Posey was tied with Heyward for fifth among NL rookies with 18 home runs, and was fourth with 67 RBI in just 108 games. He finished first with a .305 batting average and a .505 slugging percentage and ran the best pitching staff in the major leagues.
Posey is the sixth Giant to win the NL Rookie of the Year, a list that includes three Hall of Famers. He is also the fifth San Francisco Giants rookie to finish the season with a .300 batting average and double-digit home runs.
Three of the other four also won the award, and the other lost out to his teammate who accomplished the same feat in the same season.
Heyward had one of the best seasons for a player as young as he is (he turned 21 during the season) in a long time. While Posey has a significant edge on Jason Heyward in both batting average and slugging percentage, there is one next-level metric in which Heyward has a decisive edge.
Win Probability Added measures the value of every plate appearance during a given season, and how much it contributes to a team’s chances to win. For example, in a tie game, with no one on base and one out in the top of the ninth inning, a player hits a go-ahead home run.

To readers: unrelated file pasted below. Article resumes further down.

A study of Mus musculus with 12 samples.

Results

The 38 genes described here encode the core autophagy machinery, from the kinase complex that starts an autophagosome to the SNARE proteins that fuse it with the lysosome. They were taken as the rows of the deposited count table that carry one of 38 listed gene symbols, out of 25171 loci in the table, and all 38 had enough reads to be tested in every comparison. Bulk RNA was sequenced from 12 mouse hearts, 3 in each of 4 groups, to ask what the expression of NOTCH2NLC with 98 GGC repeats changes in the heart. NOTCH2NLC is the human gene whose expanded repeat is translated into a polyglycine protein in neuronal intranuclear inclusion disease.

He took his team’s chance of winning (based on historical data) from 43 percent to 80 percent, so he gets a credit of 37 percent. Win Probability Added sums a player’s credits (and debits) over a season to get their total value.
Heyward had a LOT of big hits for the Braves this season, so many that he ended the season ranked sixth-best in the NL with a WPA of 4.82 wins (his offensive contributions were worth 4.82 wins). That dwarfs Posey’s 1.09 WPA, which admittedly is hurt by his only playing 108 games, but is unlikely to have been anywhere near Heyward’s had he played the full season.
Jaime Garcia finished third after going 13-8 with a 2.70 ERA for the St. Louis Cardinals. His 13 wins led NL rookies (only one other pitcher had 10) and his 2.70 ERA was second among rookies with a minimum of 81 innings pitched.
And Gaby Sanchez of the Florida Marlins finished fourth, after leading all NL rookies with 85 RBI and hitting 19 home runs, which was tied for third.
With Neftali Feliz winning in the American League, the Rookies of the Year faced each other in the World Series for just the third time in baseball history. In 1981, the New York Yankees and Dave Righetti faced Fernando Valenzuela and the Los Angeles Dodgers. And in 1951, Gil McDougald and the Yankees faced the New York Giants and Willie Mays.